This has more to do with the goal of the techniques. PCA in bulk RNAseq is intended for QC to see if there are outliers. tSNE is used in scRNA-seq is used to find cell-types or other groups. You could use tSNE in place of PCA in bulk RNAseq, but since there are parameters to tweak and it's more computationally expensive there's no great benefit to do so.
My impression is that one of the main reasons is the simple fact that tSNE hasn't been around as long as PCA (Reference) Plus, PCA tends to work well on bulk RNA-seq data and mathematically, its application for detecting outliers as Devon pointed out, makes sense since it's calculating the vectors along which the variation is maximal -- in bulk RNA-seq, you typically want the variation to stem from experimental factors rather than from individual samples, so PCA is a good check for that. In scRNA-seq you typically don't have many different samples, instead you have thousands of different cells, usually stemming from only one or a handful of different samples.
I think this is largely because how the clusters are distributed in sample space. For instance, in cancer research we usually have overlapping Gaussian clusters. Often quite a simple structure. Both PCA and tSNE work fine to show these structures in my experience. Sometimes, but rarely, the structures in some datasets may be more complex, towards single cell RNA-seq complexity, and tSNE works better in these situations.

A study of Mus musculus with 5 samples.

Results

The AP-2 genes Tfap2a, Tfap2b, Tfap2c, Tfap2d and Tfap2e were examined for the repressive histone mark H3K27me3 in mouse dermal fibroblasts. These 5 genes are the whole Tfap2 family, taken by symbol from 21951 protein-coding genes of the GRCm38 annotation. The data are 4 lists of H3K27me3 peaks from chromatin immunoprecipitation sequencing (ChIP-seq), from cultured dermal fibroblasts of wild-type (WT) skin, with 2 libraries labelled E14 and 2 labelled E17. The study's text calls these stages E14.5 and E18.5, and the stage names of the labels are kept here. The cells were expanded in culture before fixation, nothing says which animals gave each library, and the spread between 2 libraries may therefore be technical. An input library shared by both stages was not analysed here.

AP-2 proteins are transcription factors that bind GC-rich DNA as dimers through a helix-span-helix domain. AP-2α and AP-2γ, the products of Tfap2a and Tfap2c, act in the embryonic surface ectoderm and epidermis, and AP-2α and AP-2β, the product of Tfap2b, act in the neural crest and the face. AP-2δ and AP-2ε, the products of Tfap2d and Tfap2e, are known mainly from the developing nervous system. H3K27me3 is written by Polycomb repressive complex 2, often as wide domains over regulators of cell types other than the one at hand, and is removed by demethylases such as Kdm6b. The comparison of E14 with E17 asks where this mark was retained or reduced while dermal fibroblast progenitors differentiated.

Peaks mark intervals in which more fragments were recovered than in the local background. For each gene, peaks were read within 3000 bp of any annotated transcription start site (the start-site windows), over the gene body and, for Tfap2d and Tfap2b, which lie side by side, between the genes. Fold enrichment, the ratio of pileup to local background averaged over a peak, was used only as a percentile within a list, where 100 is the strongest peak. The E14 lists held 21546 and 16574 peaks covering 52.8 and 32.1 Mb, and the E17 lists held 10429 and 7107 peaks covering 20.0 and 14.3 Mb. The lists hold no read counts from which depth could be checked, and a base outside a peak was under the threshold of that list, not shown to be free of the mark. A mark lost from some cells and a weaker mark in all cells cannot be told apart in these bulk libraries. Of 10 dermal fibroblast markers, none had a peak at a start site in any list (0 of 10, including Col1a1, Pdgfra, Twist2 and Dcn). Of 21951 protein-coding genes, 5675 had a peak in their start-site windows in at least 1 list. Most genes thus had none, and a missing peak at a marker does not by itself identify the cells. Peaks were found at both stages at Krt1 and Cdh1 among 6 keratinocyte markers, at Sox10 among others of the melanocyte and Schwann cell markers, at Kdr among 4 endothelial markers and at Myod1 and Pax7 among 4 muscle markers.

In single cell RNA-seq oftentimes we have far more complex structures usually consisting of many globular clusters (cell types) of different sizes and variance arranged in complex patterns in sample space. tSNE can capture complex non-linear structures well, PCA can't.
Edit: you may want to look into the UMAP algorithm.
I think the main advantage to tSNE is that it will space out the data points, but a disadvantage can be you may sometimes want to be careful about over-interpreting some swirly shapes within the tSNE plot (and PCA is often OK with the smaller number of samples for RNA-Seq project). However, Devon is also correct that tSNE is often used for separting cell types (and I would expect that to be increasingly true as larger numbers of cells/samples are considered).
It may also be helpful to review Difference between tSNE and PCA analysis, which I used to confirm that PCA is used as an upstream step for tSNE.
I think tSNE is capturing the local relationships between points, like treating your data as a network where your cells are nodes. PCA is calculating the "true" distances between points after we consider variation in your dataset. Mahalanobis distance can do similar things.
Applying PCA before tSNE is in fact projecting your data into a low-dimensional subspace, where the distances between points are more real and therefore you could obtain more real local relationships between points.